Moving forward, just not sure where we're going, but at least we're having a swell time when we do it.
President Trump promised to bring jobs back. I want to believe that. But I can’t. President Trump says he will keep factories here and give people back manufacturing jobs. But I think any jobs that remain here are just temporary. The manufacturing jobs of the past are dying.
We are talking about business. And in business the bottom line matters. People are expensive but automation is not.
Low skill manufacturing jobs are are a thing of the past. No matter how many we bring back, it is a short-term gain. It will not change the fact that in three to five years most of those jobs (if not all of them) will probably go away. Which leaves us in the same predicament we are in right now, with people who are disenfranchised, angry, and feel forgotten.
Actually, it is going to get worse. Automation is threatening more industries than just manufacturing. As the driverless car gets perfected, the trucking industry is threatened. Artificial Intelligence is even threatening to replace white-collar industries like trading. There are computers that are outperforming humans in hedge fund investing.
A high school diploma is no longer a guarantee to a decent paying job. A college degree is not a guarantee either, as we see more and more college graduates struggling to find a job.
Our schools are not teaching the skills students need to get a job. To compound the issue, to get technical skills requires additional school. The cost of trade schools and colleges pushes people’s financial limits.
Now we have a Secretary of Education who is woefully inadequate and lacks the basic understanding of education, training, and learning.
So where does that leave us?
On the surface things seems bleak.
But we can make a change. We can come together, fight, and make a change to improve our schools. And it needs to be a meaningful and well thought out change, not just change for the sake of change.
We already have teachers who are pushing the boundaries. They are innovators and every day they find new ways to inspire kids to learn and be great. We need a system that encourages these educators.
Instead we seek to standardize because we fear something that is different and new.
There are schools that have broken boundaries in teaching. Schools that encourage kids to think, to fail, and to play. We need a system that seeks out these schools, studies them, and finds a way to share what they are doing.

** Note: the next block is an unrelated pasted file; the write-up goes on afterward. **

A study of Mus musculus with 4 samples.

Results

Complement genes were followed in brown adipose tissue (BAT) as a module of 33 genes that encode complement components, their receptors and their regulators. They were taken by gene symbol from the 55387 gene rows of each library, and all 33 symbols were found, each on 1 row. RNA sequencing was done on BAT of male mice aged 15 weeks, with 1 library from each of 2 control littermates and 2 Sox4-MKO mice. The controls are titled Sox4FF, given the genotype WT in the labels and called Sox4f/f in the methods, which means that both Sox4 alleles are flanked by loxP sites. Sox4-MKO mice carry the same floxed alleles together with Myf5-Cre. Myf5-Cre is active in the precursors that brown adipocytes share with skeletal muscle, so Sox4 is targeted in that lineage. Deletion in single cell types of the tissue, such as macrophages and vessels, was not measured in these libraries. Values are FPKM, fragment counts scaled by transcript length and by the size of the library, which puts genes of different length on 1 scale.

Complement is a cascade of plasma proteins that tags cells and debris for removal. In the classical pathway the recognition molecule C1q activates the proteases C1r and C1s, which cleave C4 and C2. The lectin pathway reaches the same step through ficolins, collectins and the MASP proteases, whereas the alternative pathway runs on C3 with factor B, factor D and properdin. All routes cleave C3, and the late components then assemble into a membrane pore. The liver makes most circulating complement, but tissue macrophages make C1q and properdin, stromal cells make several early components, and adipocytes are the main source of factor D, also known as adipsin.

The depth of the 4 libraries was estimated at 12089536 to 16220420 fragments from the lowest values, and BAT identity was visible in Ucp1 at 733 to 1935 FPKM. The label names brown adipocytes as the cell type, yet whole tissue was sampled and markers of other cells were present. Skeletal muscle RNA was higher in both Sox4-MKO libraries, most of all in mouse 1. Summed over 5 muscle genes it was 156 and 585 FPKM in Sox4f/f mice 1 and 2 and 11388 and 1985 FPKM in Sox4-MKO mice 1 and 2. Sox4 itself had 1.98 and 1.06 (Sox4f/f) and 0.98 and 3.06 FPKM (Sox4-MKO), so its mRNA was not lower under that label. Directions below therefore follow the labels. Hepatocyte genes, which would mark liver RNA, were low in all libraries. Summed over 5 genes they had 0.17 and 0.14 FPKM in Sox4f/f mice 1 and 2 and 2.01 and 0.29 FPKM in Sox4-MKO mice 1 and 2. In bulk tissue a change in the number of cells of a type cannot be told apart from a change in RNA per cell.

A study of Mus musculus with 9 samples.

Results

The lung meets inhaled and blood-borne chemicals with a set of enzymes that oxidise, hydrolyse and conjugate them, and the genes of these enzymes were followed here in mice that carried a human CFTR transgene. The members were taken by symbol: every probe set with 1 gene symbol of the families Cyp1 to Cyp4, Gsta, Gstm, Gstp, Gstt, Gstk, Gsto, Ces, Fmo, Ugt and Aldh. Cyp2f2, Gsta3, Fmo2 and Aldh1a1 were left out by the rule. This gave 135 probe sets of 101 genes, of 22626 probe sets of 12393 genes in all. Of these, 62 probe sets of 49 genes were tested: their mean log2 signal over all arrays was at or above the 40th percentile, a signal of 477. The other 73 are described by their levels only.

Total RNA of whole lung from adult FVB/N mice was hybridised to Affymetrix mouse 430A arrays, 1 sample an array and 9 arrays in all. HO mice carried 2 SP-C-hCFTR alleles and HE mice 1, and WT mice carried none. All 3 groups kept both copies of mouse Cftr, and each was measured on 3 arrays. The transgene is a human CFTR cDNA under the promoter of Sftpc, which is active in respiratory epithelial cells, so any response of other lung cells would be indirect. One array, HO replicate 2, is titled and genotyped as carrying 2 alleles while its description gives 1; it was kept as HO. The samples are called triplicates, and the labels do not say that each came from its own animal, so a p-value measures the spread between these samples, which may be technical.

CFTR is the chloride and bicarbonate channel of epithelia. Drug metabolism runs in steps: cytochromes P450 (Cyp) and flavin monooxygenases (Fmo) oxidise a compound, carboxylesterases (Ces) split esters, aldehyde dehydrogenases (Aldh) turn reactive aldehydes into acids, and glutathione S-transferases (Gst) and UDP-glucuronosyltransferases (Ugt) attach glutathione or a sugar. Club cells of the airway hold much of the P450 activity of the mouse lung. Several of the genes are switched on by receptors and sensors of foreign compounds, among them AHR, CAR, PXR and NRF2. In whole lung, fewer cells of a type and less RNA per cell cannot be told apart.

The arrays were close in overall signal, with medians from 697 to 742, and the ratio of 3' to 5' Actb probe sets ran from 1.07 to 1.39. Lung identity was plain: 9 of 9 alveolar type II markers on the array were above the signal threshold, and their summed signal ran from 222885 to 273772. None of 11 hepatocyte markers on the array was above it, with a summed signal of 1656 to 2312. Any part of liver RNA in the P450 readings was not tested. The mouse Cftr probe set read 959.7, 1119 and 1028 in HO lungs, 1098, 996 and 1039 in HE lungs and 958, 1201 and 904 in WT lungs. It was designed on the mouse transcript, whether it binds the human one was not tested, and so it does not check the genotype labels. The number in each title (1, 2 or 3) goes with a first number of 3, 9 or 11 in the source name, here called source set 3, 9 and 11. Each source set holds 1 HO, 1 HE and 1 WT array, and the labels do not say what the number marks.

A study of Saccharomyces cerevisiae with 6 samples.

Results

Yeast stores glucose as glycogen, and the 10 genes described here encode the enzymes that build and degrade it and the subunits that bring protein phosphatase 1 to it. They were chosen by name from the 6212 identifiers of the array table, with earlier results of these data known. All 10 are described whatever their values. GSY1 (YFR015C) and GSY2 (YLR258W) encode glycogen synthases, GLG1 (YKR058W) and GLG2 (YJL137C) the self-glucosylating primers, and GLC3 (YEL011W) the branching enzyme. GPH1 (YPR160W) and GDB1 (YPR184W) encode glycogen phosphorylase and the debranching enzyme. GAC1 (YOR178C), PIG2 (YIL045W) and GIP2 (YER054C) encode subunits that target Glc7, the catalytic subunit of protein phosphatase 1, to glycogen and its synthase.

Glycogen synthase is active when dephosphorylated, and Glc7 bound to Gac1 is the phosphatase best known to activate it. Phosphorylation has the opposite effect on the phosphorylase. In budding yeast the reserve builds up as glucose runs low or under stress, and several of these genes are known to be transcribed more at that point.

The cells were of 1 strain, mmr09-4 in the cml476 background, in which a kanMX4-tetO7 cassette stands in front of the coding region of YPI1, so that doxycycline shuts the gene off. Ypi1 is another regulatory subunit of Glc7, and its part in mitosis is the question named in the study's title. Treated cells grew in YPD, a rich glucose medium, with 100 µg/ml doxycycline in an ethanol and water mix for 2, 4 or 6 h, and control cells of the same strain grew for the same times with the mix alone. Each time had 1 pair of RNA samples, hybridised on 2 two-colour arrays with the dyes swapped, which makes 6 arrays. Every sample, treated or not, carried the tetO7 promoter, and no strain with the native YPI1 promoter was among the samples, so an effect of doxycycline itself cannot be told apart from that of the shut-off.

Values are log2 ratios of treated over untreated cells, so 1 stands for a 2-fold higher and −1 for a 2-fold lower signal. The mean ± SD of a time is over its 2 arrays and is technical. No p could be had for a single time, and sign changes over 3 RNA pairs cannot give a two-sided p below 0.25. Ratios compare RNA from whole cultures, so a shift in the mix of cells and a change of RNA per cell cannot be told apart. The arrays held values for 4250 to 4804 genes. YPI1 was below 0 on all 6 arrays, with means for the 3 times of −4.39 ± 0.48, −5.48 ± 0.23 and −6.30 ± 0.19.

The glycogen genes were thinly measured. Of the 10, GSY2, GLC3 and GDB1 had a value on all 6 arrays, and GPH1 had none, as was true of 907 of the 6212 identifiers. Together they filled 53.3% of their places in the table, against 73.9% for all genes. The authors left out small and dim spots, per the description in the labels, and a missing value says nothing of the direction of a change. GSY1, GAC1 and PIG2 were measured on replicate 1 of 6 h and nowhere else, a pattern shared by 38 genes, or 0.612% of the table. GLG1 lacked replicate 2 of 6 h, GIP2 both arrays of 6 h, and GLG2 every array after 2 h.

But we must remember to not fear these schools, they may be different, but different is where we push the boundaries of innovation and change.
We need to demand schools not only teach literacy in reading, writing, and math, but we need to demand schools have apprentice programs in technical trades.
Our schools need to catch up. We need to stop training and educating people for jobs that no longer exist. We need to create an education environment to prepare kids for the jobs we have yet to imagine.
We need to not be afraid of moving away from report cards that say things like A, B, C and D.
Instead, we need to find a better way to assess our kids comprehension and knowledge.
We need to not be afraid to move away from standardized tests that demand rote memorization of pre-determined sets of information.
Instead, we need to embrace that learning should not be standard; learning should be broken down to the individual student and that student’s potential.
The current system is less than optimal and we cannot accept what we’ve been given. We also cannot rely on hoping this administration gets it right. If we do we will continue to widen the gap of the skills businesses need in their employees and the skills graduates have learned.
We need to come together. We need to accept that the school our kids need to go to will look and feel different than the ones we grew up with.
We need to demand better for our kids, for our economy, and for the future of our country.